Wednesday, May 27, 2015

Pound-for-Pound Update 5-27-15

The one notable change in the Saturday Night Boxing pound-for-pound list is the removal of Juan Manuel Marquez from the rankings on account of inactivity. Over a year since his last fight and with nothing scheduled, Marquez exits the Rankings. All other fighters on the list who were below him move up one spot (I had Marquez at six) and Jamaican featherweight Nicholas Walters enters the Rankings at #20. Walters has made three defenses of his featherweight title including a knockout win over Nonito Donaire, who was in the SNB pound-for-pound list prior to his defeat.
I'd also like to make a quick note about Gennady Golovkin, whom I have ranked at #12. Most outlets have him ranked significantly higher than I do, which is certainly their prerogative. Perhaps I place more emphasis on the quality of opposition than others do. To my eyes, Golovkin still hasn't defeated a fighter at the top of the division. Now, I understand that Golovkin is not necessarily to blame for this reality – fighters such as Sturm, Martinez (when they mattered), Cotto and Quillin have all avoided fighting him (or failed to get in the ring with him, whichever euphemism you choose). However, I can't jump him over fighters who have better wins. I have placed Golovkin over Cotto, the lineal champ at middleweight, and I'm sure that there are convincing arguments as to why Golovkin, at his present form, deserves to be higher than guys like Stevenson, Froch or Rigondeaux. But on resume, I believe that the others have better wins. Rigondeaux only has Donaire for a notable victory but I had Donaire ranked as number-three at the time of Rigondeaux's win.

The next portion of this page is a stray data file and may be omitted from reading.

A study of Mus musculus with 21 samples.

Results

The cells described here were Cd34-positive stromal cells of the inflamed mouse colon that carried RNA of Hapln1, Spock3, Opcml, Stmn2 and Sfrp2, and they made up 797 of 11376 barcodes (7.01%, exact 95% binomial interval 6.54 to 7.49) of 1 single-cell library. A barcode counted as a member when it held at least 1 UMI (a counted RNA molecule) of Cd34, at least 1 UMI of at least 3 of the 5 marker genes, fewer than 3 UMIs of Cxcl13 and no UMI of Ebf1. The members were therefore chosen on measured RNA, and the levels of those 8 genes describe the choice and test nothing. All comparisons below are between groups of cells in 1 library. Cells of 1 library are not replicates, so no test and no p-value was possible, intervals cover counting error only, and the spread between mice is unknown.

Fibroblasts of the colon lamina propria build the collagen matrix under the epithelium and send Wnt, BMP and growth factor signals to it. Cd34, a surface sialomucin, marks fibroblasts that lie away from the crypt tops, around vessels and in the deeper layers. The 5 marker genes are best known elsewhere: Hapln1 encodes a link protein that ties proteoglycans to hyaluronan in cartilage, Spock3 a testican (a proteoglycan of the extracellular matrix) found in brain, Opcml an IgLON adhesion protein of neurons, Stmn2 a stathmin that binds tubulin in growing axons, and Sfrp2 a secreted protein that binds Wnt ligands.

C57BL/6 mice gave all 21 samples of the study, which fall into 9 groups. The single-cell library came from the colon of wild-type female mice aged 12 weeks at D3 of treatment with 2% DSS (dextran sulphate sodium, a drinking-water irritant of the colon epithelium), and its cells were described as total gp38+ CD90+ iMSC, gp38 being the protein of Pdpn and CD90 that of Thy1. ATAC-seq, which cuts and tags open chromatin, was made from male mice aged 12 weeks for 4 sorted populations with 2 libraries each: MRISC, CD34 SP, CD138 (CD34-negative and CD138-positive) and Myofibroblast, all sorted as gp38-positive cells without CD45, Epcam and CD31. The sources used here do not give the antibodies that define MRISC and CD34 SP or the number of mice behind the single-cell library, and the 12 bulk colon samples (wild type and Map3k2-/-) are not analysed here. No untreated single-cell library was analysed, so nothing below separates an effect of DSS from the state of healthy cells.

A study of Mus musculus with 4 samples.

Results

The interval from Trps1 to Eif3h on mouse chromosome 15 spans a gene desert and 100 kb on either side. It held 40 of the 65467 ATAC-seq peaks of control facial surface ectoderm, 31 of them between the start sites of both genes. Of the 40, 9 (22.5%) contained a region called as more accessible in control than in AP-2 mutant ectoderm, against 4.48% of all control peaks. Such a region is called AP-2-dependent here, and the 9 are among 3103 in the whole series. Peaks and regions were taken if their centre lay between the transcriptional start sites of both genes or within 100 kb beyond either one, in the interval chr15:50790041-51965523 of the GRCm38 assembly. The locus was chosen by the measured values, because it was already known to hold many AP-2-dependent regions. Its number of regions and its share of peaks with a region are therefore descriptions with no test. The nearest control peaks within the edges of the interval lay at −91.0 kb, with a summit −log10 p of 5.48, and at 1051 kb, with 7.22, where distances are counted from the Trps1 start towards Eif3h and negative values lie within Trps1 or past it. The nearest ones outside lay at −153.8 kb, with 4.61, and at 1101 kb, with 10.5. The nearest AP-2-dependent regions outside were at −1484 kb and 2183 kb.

Using the resume argument, I also could make the claim that I have Takashi Uchiyama (16) too low and that he should rank higher than Golovkin does. Uchiyama has made 10 defenses of his junior lightweight belt and has stopped two fighters – Juan Carlos Salgado, Takashi Miura – who  subsequently went on to win titles at 130 and another, Bryan Vasquez, who has gained an interim title. Golovkin has made 14 defenses of his middleweight title belt but hasn't faced the quality of opposition that Uchiyama has. Choosing between Golovkin and Uchiyama fosters a good debate, as all these lists do. I'm not expecting you to agree with every decision made on my list but hopefully you will understand my thought process a little more clearly.
We all have our biases and although I was an early advocate of Uchiyama as a pound-for-pound level fighter it still may be the case that a pro-Western bias has kept him too low in my Rankings. But as a rule, I will use recent resume as much as present form when evaluating where to rank fighters accordingly.
The complete Saturday Night Boxing pound-for-pound list is below:
  1. Floyd Mayweather
  2. Roman Gonzalez
  3. Wladimir Klitschko
  4. Manny Pacquiao
  5. Tim Bradley
  6. Sergey Kovalev
  7. Guillermo Rigondeaux
  8. Carl Froch
  9. Juan Estrada
  10. Naoya Inoue
  11. Adonis Stevenson
  12. Gennady Golovkin
  13. Miguel Cotto
  14. Danny Garcia
  15. Saul Alvarez
  16. Takashi Uchiyama
  17. Shinsuke Yamanaka
  18. Terence Crawford
  19. Donnie Nietes
  20. Nicholas Walters
Adam Abramowitz is the head writer and founder of
He is also a member of the Transnational Boxing Rankings Board.